Author Topic: Gauging value of whole life policy, question on taxable dividends  (Read 1123 times)

michael

I recently was weakly convinced to check out and apply for a whole life policy with State Farm. Coverage is just shy of $90k and I've been contributing $100/month for the last three months to check it out.

I know whole life policies aren't wholly endorsed in most situations, but feel it might be worth continuing in this case. I'm 27, currently maxing out the 401(k), have plenty left over and am looking to both diversify as well as avoid taxable growth (I think I'm in the 25% bracket for 2013).

With this whole life policy, if I apply dividends toward reducing premiums, it could be paid in full in 10 years and enjoy tax-free growth after that. Unfortunately, through whatever misunderstanding/miscommunication, I've learned the policy has been set up to use dividends as "paid up additions" - in other words, dividends are used to buy more insurance, which means I'll be paying for the policy forever. I asked to have this changed but was warned that applying dividends to the premium would be taxable, so here's the question.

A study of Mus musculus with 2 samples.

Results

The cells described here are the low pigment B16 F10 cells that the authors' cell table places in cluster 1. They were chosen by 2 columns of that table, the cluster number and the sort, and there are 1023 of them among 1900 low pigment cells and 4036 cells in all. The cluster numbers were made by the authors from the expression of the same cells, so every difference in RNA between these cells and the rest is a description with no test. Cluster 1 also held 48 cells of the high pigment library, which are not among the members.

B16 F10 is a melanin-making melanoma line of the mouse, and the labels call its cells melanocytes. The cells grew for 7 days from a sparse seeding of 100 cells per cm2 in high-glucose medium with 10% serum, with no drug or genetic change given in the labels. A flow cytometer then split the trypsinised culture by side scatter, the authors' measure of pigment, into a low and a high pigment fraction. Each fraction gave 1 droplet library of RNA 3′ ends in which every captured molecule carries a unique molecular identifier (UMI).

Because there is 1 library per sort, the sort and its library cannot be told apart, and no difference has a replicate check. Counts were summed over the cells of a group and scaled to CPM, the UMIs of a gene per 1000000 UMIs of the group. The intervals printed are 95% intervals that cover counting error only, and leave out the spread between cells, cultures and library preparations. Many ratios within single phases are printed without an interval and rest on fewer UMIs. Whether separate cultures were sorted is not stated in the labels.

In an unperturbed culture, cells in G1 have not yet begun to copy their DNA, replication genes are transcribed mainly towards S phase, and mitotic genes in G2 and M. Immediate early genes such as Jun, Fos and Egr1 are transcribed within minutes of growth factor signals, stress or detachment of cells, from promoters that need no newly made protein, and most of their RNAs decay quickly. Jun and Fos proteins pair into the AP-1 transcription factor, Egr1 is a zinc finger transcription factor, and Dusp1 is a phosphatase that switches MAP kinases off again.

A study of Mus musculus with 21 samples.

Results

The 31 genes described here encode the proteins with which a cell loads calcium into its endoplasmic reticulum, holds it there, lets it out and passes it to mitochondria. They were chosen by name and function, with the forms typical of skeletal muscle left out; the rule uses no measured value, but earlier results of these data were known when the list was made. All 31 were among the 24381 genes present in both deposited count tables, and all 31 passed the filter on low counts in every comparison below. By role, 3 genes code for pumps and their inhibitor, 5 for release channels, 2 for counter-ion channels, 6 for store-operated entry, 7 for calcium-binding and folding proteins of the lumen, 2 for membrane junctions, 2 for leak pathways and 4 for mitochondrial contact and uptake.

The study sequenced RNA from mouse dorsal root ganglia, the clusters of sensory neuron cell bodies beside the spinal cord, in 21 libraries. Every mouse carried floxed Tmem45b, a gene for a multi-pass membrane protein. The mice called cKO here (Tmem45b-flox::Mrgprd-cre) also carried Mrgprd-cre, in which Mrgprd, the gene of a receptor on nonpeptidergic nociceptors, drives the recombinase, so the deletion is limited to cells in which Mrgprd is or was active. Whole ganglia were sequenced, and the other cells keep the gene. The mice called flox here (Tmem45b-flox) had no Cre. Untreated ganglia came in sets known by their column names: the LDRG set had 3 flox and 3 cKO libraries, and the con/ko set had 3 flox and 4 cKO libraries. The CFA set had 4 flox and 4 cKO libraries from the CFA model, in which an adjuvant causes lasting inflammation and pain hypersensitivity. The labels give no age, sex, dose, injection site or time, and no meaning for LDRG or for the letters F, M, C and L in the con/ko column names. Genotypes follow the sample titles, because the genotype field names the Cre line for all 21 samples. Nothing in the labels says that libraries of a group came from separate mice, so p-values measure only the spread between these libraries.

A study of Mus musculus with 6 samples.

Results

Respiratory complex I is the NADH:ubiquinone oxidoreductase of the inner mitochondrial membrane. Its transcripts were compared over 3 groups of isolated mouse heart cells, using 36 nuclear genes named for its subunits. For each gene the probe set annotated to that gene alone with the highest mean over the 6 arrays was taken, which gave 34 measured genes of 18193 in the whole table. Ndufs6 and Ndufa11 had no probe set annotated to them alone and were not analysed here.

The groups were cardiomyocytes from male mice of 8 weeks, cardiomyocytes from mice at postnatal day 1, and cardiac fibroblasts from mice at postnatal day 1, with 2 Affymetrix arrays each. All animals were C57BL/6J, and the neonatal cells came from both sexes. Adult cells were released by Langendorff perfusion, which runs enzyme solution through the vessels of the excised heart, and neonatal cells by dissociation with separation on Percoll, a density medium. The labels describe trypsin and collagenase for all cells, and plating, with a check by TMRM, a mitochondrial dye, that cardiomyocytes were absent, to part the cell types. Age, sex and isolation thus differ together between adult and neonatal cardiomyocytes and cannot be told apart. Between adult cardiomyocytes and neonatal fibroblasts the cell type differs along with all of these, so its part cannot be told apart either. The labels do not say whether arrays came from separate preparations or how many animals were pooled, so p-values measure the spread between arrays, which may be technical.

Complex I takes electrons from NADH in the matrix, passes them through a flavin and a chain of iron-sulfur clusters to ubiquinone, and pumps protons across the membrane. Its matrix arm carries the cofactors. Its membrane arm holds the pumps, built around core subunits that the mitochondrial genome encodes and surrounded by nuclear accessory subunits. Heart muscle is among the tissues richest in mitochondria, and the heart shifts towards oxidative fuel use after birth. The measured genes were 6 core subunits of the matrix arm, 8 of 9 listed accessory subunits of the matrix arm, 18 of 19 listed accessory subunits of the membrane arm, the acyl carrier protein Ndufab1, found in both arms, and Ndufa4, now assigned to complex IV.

In my situation, should I bother continuing with this policy? If so, is the dividend change really taxable? It makes sense that it would be, but it is probably negligible if the policy is worthwhile in the long run.

I have more numbers in the paperwork at home if needed - just ask. Thanks!

brewer12345

« Reply #1 on: December 04, 2013, 07:00:34 PM »
Let the policy lapse and consider the $300 you already spent to be a cheap lesson/stupid tax.

If you want tax efficient asset growth, just put your money in equity index funds or ETFs.  They are super tax efficient and you will avoid all the expenses of insurance vehicles.